Posted by Mike
He said, “Just start writing. It will come to you.” Optimistic fellow, he is.
Something has happened recently, however: I’ve been watching episodes of an Irish television program, Ballykissangel. As of today I’ve probably watched 20 or more episodes. It’s especially interesting because we’ve just returned from Ireland. I won’t say that I fell in love with the country, but it certainly has its appeal , despite the harrowing narrow roads – and the freezing mornings in late March required a little getting used to.
The thing about this television series – it’s about the people and the situations they get themselves into, in the little town of Ballykissangel – is that I have become involved with the people, their tangled relationships and convoluted situations, their crises; they’re like real people to me. When we watch an episode I periodically tell myself and Linda, “It’s not real. They’re not real people. It’s fiction. It’s not really happening!” My protestations don’t help much. For example, when the pub owner, the young lady Asumpta, died, having been electrocuted accidentally in her own basement storeroom, I was devastated. The young priest who was in love with her was devastated too, as were all her friends who frequented the pub. This is just one example of how I’ve gotten caught up in a story. The last time this happened to me was when I read the extraordinary coming-of-age story by Somerset Maugham, Of Human Bondage. When the young protagonist there was in trouble, recently in medical school but homeless and potentially suicidal and sleeping at night on park benches next to the Thames, I was ready to hop on the next plane to see if I could help him work things out. The novel was first published in 1915; too late to help!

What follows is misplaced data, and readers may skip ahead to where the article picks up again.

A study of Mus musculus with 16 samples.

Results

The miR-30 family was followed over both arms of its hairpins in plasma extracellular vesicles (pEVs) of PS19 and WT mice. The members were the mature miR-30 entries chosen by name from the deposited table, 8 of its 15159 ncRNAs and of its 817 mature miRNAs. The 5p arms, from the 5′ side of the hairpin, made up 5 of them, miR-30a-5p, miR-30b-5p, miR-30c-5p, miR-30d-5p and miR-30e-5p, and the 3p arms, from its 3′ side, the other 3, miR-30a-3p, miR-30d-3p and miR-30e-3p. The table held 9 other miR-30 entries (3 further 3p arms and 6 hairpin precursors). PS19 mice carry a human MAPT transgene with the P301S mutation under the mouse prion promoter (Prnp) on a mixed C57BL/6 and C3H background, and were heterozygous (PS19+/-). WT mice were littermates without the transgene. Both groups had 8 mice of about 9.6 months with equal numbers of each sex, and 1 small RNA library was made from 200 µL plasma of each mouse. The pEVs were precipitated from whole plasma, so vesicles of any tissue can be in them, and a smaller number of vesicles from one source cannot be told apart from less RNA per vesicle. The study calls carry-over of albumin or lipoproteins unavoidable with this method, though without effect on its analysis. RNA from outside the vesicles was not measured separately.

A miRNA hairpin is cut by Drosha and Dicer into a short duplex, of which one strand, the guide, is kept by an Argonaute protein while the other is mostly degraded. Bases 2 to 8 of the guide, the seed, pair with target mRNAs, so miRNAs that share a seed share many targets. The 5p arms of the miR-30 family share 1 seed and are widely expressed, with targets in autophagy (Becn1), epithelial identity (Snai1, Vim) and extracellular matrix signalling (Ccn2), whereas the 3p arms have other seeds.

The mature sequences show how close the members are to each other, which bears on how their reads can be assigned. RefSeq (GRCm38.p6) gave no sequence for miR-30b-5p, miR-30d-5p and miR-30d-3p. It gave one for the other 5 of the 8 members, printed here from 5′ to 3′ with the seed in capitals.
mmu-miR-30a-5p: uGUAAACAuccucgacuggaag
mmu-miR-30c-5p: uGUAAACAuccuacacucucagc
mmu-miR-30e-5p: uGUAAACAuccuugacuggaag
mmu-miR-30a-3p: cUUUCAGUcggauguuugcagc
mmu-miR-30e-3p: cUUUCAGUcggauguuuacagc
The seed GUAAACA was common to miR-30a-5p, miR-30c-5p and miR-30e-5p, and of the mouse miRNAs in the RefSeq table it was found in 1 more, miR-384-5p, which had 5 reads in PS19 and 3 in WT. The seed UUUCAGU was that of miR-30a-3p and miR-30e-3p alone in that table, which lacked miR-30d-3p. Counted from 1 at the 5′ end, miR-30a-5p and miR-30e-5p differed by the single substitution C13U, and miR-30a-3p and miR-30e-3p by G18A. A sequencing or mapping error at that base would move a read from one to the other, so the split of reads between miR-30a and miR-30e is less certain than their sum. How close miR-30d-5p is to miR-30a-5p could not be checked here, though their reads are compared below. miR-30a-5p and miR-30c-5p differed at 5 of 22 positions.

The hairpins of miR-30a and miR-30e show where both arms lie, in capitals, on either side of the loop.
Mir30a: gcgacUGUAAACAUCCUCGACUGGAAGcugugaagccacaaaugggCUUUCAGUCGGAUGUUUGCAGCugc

I’m exaggerating, of course. My point is that we do have a suspension of disbelief at times when watching a movie or reading a novel; and we get caught up in the action. Most of the time we don’t get too emotional about it; we maintain some distance – separate ourselves from the events. Occasionally, however, the talents of the writer, actors or production move us emotionally either into or as close observers of the action – and we are caught up, spellbound; emotionally involved with the characters.
While in Northern Ireland, we visited a Neolithic site, the Ballynoe Circle. Bally by the way means town. The stones were placed there about five thousand years ago. We can’t get caught up in the lives of the people who created the stone circle, but they had relationships and lives full of what it takes to be human, far more than the fantasies of Ballykissangel or Of Human Bondage.